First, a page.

Point Austin: Vote Early and Often
Sorting out the campaigns and candidates
If this is May, there must be a couple of elections.
While the Chronicle News staff is accustomed to previewing elections just prior to early voting, we're not accustomed to whipsawing from one election (City Council, this Saturday, May 12) to another (party primaries, May 29), as we're doing this week. We know readers and voters who don't follow campaigns for a living will be doubly confused and are trying to learn quickly who's who and what's what.
That's the purpose of this week's feature coverage devoted to the high-profile contests on the Democratic side, with additional brief commentary on the rest of the contested races. We've focused on the Democratic primary both because that's the main interest of most of our local readers and because (to be frank) we had neither the time nor space to cover the GOP races this week.
We certainly hope we haven't made matters worse. Please consult our city coverage and endorsements for your vote Saturday, and our primary coverage for your early voting or to get you prepped for May 29. It didn't have to be this way; the state redistricting wars, ignited by the Republican-dominated Legislature and now in federal court, scrambled the primary dates to the point that Texas now has no influence on the presidential nomination, while making it likelier that many primary contests will be skewed by low and fringe turnout.
There is one other factor we shouldn't forget: the 4-3 rejection by the City Council of the legislatively granted opportunity to move this May election to November, when city turnout would be much higher, the voter demographic would be much more representative, and – oh yes – there would now be much less voter confusion over just which election is happening this week.
The Cognoscenti Vote
I won't rehearse here last fall's arguments over the election move, nor its bitter backstage politics. (Interested readers can consult "Point Austin: Unrepresentative Government," Oct. 14, 2011, or "Point Austin: Voter Suppression Made Easy," Sept. 30, 2011.) But those who argued, among other irrelevant things, that May voters are "better informed" than November ones have already gotten what they wanted: a minimal turnout, in the 10-13% range of registered voters, that may well do its intended work to skew the outcome. Incumbent Bill Spelman, for example, one of the four council votes rejecting the move (with Sheryl Cole, Laura Morrison, and Kathie Tovo), may find himself in a run-off exacerbated by a tiny turnout that includes a disproportion of folks whose only mantra is, "Throw the bums out!" That may be "karma," but it wasn't what Spelman had in mind when he said his previous unopposed race was coming back to bite him. Whether there will be similar effects on other races, we'll see.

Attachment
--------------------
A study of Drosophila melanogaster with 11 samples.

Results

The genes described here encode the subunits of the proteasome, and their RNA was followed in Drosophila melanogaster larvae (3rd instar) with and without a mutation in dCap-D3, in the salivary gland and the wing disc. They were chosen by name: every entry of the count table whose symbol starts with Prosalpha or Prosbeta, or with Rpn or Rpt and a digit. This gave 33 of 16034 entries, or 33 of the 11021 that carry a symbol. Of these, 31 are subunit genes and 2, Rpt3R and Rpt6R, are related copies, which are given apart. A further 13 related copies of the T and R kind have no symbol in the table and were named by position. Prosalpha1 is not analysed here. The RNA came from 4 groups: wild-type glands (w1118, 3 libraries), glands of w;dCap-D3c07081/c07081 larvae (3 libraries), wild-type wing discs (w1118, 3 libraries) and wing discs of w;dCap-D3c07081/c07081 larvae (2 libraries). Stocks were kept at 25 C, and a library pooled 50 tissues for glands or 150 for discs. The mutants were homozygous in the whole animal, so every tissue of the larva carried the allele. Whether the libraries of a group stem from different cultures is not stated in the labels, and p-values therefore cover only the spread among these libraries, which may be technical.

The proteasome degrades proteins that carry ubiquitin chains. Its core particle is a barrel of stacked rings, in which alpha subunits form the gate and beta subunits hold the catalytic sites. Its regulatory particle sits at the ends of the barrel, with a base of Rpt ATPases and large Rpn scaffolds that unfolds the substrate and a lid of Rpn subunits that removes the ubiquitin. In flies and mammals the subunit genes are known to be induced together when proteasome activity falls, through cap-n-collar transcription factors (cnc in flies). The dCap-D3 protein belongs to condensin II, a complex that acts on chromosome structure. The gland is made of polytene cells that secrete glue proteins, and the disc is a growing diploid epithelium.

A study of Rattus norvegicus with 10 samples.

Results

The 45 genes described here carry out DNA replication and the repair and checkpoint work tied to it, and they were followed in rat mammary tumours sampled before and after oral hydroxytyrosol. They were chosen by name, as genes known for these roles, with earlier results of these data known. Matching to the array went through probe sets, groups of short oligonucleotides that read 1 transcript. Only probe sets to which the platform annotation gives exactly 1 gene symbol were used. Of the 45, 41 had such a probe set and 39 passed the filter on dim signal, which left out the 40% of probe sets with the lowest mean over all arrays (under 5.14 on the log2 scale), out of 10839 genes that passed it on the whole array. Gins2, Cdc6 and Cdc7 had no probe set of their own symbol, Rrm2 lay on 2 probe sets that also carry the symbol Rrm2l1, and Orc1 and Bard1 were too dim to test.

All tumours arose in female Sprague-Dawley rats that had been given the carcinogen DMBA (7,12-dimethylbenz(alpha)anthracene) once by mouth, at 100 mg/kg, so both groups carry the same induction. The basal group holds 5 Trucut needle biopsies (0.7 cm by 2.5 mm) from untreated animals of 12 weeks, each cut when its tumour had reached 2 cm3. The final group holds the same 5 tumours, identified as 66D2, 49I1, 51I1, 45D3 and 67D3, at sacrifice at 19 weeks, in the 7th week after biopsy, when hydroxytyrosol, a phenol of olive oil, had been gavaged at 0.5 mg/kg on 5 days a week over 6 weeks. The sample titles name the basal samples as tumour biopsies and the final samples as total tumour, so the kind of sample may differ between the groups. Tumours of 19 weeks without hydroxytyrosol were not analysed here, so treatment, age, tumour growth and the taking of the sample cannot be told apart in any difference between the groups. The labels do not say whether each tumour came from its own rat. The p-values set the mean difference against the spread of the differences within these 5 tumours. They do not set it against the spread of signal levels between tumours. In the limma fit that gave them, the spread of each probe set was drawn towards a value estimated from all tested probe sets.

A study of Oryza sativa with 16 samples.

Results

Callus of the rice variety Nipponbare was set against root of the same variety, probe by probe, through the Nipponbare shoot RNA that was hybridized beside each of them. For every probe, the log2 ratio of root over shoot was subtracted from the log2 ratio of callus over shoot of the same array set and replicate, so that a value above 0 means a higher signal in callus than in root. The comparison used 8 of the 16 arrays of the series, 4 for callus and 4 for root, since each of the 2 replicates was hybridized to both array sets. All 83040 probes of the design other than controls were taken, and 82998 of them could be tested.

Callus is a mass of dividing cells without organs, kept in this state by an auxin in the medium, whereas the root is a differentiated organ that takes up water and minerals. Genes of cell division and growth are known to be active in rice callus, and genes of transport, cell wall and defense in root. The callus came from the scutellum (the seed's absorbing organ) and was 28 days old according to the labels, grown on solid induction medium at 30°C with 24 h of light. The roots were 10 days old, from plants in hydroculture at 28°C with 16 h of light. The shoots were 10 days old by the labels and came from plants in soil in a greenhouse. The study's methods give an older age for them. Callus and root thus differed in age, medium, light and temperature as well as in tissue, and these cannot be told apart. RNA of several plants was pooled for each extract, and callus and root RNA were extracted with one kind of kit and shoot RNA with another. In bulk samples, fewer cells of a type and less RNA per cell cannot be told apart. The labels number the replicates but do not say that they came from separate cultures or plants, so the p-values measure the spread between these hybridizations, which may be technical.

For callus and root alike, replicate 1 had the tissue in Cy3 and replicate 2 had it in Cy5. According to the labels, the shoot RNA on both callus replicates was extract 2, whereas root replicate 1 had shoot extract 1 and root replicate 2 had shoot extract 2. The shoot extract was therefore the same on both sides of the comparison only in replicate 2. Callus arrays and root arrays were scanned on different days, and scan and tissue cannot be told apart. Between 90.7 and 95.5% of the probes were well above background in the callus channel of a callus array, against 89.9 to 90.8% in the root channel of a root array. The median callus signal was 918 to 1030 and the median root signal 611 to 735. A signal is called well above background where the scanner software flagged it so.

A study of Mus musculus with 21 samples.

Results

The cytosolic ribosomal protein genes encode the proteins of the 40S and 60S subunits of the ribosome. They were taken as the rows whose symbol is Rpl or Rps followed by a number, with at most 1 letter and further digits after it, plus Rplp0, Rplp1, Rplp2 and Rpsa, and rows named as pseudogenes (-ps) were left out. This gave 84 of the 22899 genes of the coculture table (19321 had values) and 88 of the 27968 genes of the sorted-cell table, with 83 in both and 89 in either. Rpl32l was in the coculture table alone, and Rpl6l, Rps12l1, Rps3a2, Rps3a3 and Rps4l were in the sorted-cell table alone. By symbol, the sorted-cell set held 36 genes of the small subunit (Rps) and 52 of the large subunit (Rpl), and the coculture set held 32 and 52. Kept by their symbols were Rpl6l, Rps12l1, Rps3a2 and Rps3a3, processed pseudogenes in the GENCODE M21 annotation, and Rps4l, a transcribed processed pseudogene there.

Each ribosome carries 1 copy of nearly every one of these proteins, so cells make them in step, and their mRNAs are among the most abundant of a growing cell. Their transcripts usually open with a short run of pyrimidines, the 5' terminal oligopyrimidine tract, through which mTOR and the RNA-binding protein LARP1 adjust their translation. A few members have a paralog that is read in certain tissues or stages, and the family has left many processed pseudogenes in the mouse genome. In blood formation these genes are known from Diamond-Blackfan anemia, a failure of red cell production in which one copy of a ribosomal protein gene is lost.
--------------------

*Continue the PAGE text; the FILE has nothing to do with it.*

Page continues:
Better informed or not, we can be certain this electorate will be less representative of the city. That was confirmed for me this week by three people in a professional position to know. Consultant Mark Littlefield (currently working for the Lee Leffingwell and Mike Martinez campaigns), said that for one thing, the May median voter age can be higher by more than a decade – 56 years instead of 42 (some credit due to all those disappeared college students). Jeff Smith of Opinion Analysts (currently working for the Brigid Shea campaign) said that broader campaign outreach and public interest results in a "much more representative" November electorate, definitely not just "more of the same" voters. They each concurred with city demographer Ryan Robinson, who told me the May electorate reflects "more western" neighborhoods and voters, and is "whiter, more likely to be homeowners, and generally more affluent" than those who vote in November.
"You still have a tilted landscape" in November, said Robinson, when Tarrytown turnout can rise to a remarkable 92%. But in heavily Hispanic Dove Springs, for example, turnout rises from as low as 2% in May into the 30s or 40s for November – and those citywide effects result in "a much more diverse electorate."
Make of that what you will.
Progs on the March
For me, the most amusing aspect of this campaign has been the desperate attempt by certain self-defined "progressive" groups – because, for one reason or another, they're mad at the incumbents – to turn reflexively anti-government libertarian candidates into "progs" for the purposes of this election. BATPAC, the Austin Neighborhoods Council, and the Austin Sierra Club have every right to call for the ejection of the mayor or Place 2 incumbent Mike Martinez, for whatever reasons. But they shouldn't insult the voters' intelligence, for example, by describing anti-fluoride obsessive, Texans for Accountable Government enthusiast, and utter policy novice Laura Pressley as displaying an "admirable grasp of the issues" (ANC), "an excellent grasp of our issues" (Sierra Club), or most absurdly, as having "reached out to leaders in the Hispanic community" (BATPAC on Gavino Fernandez and his dozen or so hangers-on).
I was pondering these absurdities as I listened to Pressley's late April interview with Infowars demagogue Alex Jones, whom she called "wonderful" and credited with inspiring her to run, as they chortled together about their hatred for the government fluoride conspiracy and their affection for Ron Paul and handguns.
Sacrificing your public credibility for what appears to be short-term political gain is a pretty surefire way to lose both.